For the last two months or so, my biggest and most important tasks of each day have been to walk my daughters to preschool in the morning and pick them up in the afternoon. This might be a routine thing for any father or mother in the USA to shuttle their kids to and from school in their SUV or minivan. However, I have no car and I am in China, specifically in a bustling residential neighborhood of Hangzhou, where the streets are lined with restaurants ranging from pizza to Korean BBQ, foot massage spas, fruit stands and bakeries. The area is filled with an incredible amount of activity, especially around the times my kids and I hit the road.
The preschool that my kids attend is literally across the street with an equivalent distance of two football fields from where we live to where their school is located. We need to cross just one crosswalk along the way. But with the chaotic mix of a wide array of cars from BMWs to Audis, freight trucks, vans, buses, taxis, mopeds, and bicycles on the road, taking my kids safely across this crosswalk is not an easy task. In the crosswalk, we must dodge the left and right turning cars that seldom yield to pedestrians and avoid the bicycles and mopeds that dart through the crosswalk. On several occasions, my feet have nearly brushed up against cars whose drivers have felt impelled to squeeze their way through the scores of pedestrians in the crosswalk.
Though the walk to school is more dangerous than I’d prefer it to be, it is a time that I relish with my daughters. Once we’re on the road, it’s just the three of us, walking and talking. On the sidewalk, I let them walk freely in front of me, many times hand-in-hand. They sometimes climb some stairs and jump off and I let them be. The older sister runs in front of the younger sister and eventually lets her younger sister catch up to her. And because my youngest daughter is two-years-old, our pace is limited to the speed of her tiny steps. Thus, walking from home to school in the mornings will take us about twenty minutes when any normal adult could walk the same distance in less than five minutes. And that’s okay with me.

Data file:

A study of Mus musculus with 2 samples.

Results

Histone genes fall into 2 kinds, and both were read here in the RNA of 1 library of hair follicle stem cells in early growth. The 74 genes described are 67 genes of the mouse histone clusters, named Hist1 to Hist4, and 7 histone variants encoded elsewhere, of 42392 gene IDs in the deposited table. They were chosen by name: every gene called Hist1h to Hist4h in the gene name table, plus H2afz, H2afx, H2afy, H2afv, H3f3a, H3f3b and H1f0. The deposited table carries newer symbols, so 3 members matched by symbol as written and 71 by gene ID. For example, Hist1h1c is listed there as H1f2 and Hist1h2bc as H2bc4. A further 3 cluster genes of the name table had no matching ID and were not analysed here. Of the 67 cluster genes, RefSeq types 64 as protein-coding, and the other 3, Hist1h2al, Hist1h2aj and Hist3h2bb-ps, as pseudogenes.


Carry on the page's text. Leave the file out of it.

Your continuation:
Everyday these walks with my children teach me an important lesson: Go slowly.
It’s in these moments of two-year-old pace walking that I can truly appreciate what is going on in front of me. I can see my children learning to be caring sisters, walking down the street hands held. I notice the curious stares and can also hear the compliments of people around us who are trying to piece together the anomaly they are seeing: two sisters (rare in China with the one-child policy) walking down the street with only their father dressed in his daily “work” attire of shorts, tanktop, cap, and slippers on their way to school.
When we get to our destination, I can observe how my older daughter is accepting her role as the big sister when she helps put on her little sister’s sandals before she enters her classroom. When I pick up my younger daughter in the afternoon, I can see the look in her eyes of the excitement of getting picked up to go home. I let my younger daughter put on her own shoes, even though it takes three times as long than if I were to help her. I don’t want her to miss out on this opportunity to learn to take care of herself. And this could only happen because I slow down when I’m with my kids. I don’t want to miss anything that I would if I were in a rush or preoccupied with something else.
After traveling solo, with friends, as a couple, and with family over the past dozen years or so, I prefer the latter because not only are you sharing the experience as a family, but you’re doing it slowly. Kids make you slow down. If it’s nap time or snack time or potty time, concessions need to be made to adjust to the pace of your kids. And it’s in the moments when you stop moving and snapping photos that you discover why you’ve traveled to wherever you are. You’ll realize that you are not traveling primarily because of the destination, but you are traveling for the pleasure of the journey and all the little steps you took to get there together.
In life, sometimes it feels like we’re racing all the time either for a deadline at work, chores at home, activities and parties on the weekend, and we’re trying to squeeze more and more stuff in our schedule than we can handle. We want to go as fast as humanly possible. It’s overwhelming and unhealthy to sustain a sprinter’s pace in a full lifetime. So slow down and go at a pace that you’re comfortable with because we’re all in the same marathon together.
For me, I’m going to enjoy moving at my two-year-old’s pace for as long as I can.